You rap a lot more on the new EP. What made you want to return to rapping. Does it change the way you write a song?
"It just depends on what I'm writing. Certain types of writing is more conducive to rapping. If it's hyper-rhythmic with tons of internal rhymes, it's hard to add melody to that well. If it's stuff that's a little bit less verbose, usually it could use more of a melody, or I might hear the melody when I'm writing it. With the rap stuff, I might hear it super percussively when I'm writing it — usually I do. So, yeah, it just depends on the words, generally."
Has moving from the Bay Area to Cincinnati changed your songwriting?
"Well, yeah. I mean, I lived with my parents from the fall of 2010 until the fall of 2011, and that was the time I was kind of writing. I had been writing the songs for a few years before that, but that was the time I was really putting things together. I didn't really have friends in Cincinnati, and my parents live out in the suburbs anyway. I didn't really see anyone except my parents for the better part of a year. Especially during that winter, I just focused 100% on finishing those songs up and really getting them right. I don't think I would have had that focus in the Bay with all my friends."
Do you usually write the lyrics or music first?
"Usually, I write the words first and then create music around the words. That's usually what I do. But sometimes I do it the other way around. Normally the lyrics are what I start with."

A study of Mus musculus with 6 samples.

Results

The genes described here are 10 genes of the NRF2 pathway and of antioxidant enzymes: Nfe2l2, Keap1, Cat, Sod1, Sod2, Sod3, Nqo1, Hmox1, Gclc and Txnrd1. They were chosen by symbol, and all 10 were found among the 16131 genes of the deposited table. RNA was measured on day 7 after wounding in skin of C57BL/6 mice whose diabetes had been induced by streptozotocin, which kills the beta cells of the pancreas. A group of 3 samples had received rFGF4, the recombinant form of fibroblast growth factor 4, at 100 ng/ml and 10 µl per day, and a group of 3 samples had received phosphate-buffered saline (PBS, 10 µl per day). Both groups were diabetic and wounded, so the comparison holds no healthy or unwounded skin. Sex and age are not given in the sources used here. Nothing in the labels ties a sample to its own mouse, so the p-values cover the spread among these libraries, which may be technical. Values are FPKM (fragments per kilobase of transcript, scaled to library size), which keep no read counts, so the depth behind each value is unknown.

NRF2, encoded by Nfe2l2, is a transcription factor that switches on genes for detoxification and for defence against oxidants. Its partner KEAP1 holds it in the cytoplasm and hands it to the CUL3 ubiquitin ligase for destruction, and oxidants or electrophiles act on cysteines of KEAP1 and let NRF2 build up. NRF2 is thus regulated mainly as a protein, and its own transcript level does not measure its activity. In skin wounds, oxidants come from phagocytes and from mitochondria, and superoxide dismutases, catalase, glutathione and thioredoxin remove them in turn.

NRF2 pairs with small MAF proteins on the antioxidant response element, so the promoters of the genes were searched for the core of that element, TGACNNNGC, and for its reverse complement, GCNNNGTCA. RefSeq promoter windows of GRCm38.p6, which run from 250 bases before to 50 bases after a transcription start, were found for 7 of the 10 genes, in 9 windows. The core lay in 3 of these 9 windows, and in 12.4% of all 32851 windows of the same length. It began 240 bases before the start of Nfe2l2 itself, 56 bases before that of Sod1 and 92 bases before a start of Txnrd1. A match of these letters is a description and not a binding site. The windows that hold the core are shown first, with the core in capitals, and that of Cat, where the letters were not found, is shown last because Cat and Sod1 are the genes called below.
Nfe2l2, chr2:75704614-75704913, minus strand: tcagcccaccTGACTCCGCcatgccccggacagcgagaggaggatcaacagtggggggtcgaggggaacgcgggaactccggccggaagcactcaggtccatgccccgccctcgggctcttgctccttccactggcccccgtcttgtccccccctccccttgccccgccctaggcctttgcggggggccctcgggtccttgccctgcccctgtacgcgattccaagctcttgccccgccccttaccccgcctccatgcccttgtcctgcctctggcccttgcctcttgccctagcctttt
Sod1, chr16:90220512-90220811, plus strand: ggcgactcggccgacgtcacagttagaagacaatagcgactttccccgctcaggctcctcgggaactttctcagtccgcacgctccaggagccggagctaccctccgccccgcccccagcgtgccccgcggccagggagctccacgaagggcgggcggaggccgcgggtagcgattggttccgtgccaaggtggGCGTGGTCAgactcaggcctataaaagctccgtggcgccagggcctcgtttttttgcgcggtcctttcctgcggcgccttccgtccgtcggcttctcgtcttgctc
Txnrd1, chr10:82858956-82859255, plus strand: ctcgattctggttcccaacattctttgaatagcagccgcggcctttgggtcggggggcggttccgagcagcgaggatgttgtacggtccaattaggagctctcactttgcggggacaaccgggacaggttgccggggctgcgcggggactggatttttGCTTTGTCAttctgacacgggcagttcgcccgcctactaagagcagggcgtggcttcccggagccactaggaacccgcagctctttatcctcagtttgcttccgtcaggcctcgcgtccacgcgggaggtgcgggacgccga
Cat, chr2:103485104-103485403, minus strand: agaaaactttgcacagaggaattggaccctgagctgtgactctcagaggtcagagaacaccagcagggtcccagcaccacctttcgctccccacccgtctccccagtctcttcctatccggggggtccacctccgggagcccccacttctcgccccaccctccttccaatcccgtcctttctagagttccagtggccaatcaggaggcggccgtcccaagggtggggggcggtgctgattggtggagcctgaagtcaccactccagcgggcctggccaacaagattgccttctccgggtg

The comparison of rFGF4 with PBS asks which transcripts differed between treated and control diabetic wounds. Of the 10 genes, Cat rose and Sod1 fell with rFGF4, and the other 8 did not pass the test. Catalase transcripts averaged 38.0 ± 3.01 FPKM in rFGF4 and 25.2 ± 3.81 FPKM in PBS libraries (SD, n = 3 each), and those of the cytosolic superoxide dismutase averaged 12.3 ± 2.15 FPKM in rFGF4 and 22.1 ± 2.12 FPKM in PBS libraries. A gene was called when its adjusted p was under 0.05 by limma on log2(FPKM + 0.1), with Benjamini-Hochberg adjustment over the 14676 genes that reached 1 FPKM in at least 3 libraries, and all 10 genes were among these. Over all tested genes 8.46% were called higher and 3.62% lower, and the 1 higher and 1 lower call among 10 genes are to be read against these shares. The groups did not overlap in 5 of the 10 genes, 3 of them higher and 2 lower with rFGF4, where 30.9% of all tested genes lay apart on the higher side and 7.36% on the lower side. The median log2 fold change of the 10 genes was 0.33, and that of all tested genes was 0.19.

Are most of your songs on the EP about your own experiences or more universal?
"It depends. Some songs are more sort of personal stuff. "Sod In The Seed" happens to be more about my generation, my set, my age group, my income bracket, etcetera, etcetera. You know, it's more of a song for us as opposed as for me. I think that humans are social beings, and I'm one person among many that are somewhat similar to me I think, within my world and time. I think that if people can't relate to what I'm writing, then something is probably wrong with me, if I'm being honest and true."
What's it like when a fan tells you that they're really identifying with a particular lyric or song?
"It was definitely surprising at first when someone would come up to me and be like, 'I listened to this song, and I relate to it.' But we all go through similar things, and think about similar things. And it feels good when I connect."